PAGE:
Oh, of course a lot of doctrine was added later. It developed in layers over time. There's no argument about that, but quite a lot of the core beliefs were there (via Paul) within thirty years or so. All religions develop that way -- it's a sociological truism. Christianity is definitely not just a set of quotes from Jesus's teachings, nor is Islam a set of quotes from Mohammed or Buddhism a set of quotes from the Buddha. Interpretation and social consensus have to follow initial inspiration/revelation. Inspiration continues and social consensus evolves over time as human experience is accrued and cultural values change.

View from Here

I would submit that this "ancient tablet" is probably another sensationalist scam, as is clearly suggested by the facts

(1) that no specific information is available on its provenance ("probably found near the Dead Sea" doesn't quite do it for me); and

(2) that no details are provided on carbon dating of the ink or analysis of the stone.

As such, this "news" brings to mind the faked Lost-Tomb-of-Jesus "documentary" designed to financially profit from people's fascination with the "real" Jesus, as well as the larger scandal of the biased and misleading way the Dead Sea scrolls are being presented in museum exhibits around the world, with an antisemitic nuance emerging on a government-run North Carolina museum's website. See, e.g.,

http://robertdworkin.wordpress.com/2008/07/12/the-ethics-of-exhibition-romancing-the-scrolls/ (article critical of exhibits)


http://blog.news-record.com/staff/frontpew/archives/2008/06/dead_sea_scroll.shtml (discussion and further links).

As for Bart Ehrman, one must surely question (to put it mildly) his take on the Dead Sea Scrolls controversy. He apparently believes that the old Qumran-Essene theory is "probably" true simply because his personal acquaintances believe in it, even though he's not a scrolls expert himself, and even though the theory has been rejected by an entire series of historians and archaeologists over the past decade. This kind of appeal to the "common opinion" doesn't sound like the type of critical thinking I expect from a serious scholar.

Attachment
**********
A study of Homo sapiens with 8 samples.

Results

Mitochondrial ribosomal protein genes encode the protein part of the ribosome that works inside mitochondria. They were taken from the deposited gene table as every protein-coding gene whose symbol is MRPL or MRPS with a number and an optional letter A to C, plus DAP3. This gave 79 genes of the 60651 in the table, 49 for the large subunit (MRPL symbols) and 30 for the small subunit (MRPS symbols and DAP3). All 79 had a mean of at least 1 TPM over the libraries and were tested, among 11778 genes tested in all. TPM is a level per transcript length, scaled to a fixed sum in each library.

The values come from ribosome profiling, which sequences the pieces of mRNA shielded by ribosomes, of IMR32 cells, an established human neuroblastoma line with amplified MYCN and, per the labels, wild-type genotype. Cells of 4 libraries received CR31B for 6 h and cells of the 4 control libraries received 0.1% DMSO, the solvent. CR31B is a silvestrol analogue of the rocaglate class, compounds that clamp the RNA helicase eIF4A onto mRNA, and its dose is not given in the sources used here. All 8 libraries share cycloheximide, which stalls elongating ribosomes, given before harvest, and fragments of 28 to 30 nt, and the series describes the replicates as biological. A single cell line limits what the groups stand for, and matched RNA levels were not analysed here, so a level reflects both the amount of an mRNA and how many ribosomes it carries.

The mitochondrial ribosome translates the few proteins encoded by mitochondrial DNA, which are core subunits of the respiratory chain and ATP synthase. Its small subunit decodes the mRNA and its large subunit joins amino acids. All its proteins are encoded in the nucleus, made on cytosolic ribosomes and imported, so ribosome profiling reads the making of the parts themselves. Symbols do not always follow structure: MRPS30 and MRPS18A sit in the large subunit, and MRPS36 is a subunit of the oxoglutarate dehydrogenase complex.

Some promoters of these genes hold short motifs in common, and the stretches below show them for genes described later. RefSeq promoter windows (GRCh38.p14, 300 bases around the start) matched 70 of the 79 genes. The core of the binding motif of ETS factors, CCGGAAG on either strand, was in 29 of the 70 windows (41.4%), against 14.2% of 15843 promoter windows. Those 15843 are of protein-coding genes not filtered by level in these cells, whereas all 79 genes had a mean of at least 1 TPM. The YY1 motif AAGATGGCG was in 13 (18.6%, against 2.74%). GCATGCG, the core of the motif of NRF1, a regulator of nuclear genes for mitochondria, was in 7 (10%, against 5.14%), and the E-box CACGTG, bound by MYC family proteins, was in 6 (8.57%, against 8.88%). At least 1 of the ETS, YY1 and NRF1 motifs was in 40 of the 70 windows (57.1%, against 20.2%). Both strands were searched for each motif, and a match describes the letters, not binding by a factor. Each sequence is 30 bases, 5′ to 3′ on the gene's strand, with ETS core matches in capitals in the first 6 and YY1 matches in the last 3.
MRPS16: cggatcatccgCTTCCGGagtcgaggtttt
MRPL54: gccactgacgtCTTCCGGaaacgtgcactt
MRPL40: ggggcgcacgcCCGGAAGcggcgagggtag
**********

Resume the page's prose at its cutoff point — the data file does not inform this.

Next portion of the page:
See his angry exchange with some of his critics at



I'd hold off on speculating that there is a problem with the actual age of the artifact because of provenance problems or because carbon dating results have not been released yet. This could just be the result of publication exigencies. I still think it's an interesting find and assume that the dating has been done correctly or the peer reviewer would not have said that he had no information that it was NOT correctly dated. The careers of all the people involved are on the line where that sort of hard data is concerned. Now how they interpret it or what significance they give it is another matter, but they likely have the provenance and the dating pretty well sewn up and just aren't releasing it to the Times. On the other hand, if actual dating problems arise a number of people are going to be hugely embarrassed. There's no way anyone can keep contrary data from coming out in the end -- it just doesn't make sense for a scholar to risk his or her reputation on a simple matter of fact that's so easily overturned. It's different with TV producers. People have short memories for something they see as entertainment. But scholars -- especially in as fiercely competitive a field as archaeology -- absolutely have to cover their rears before they go public with something like this.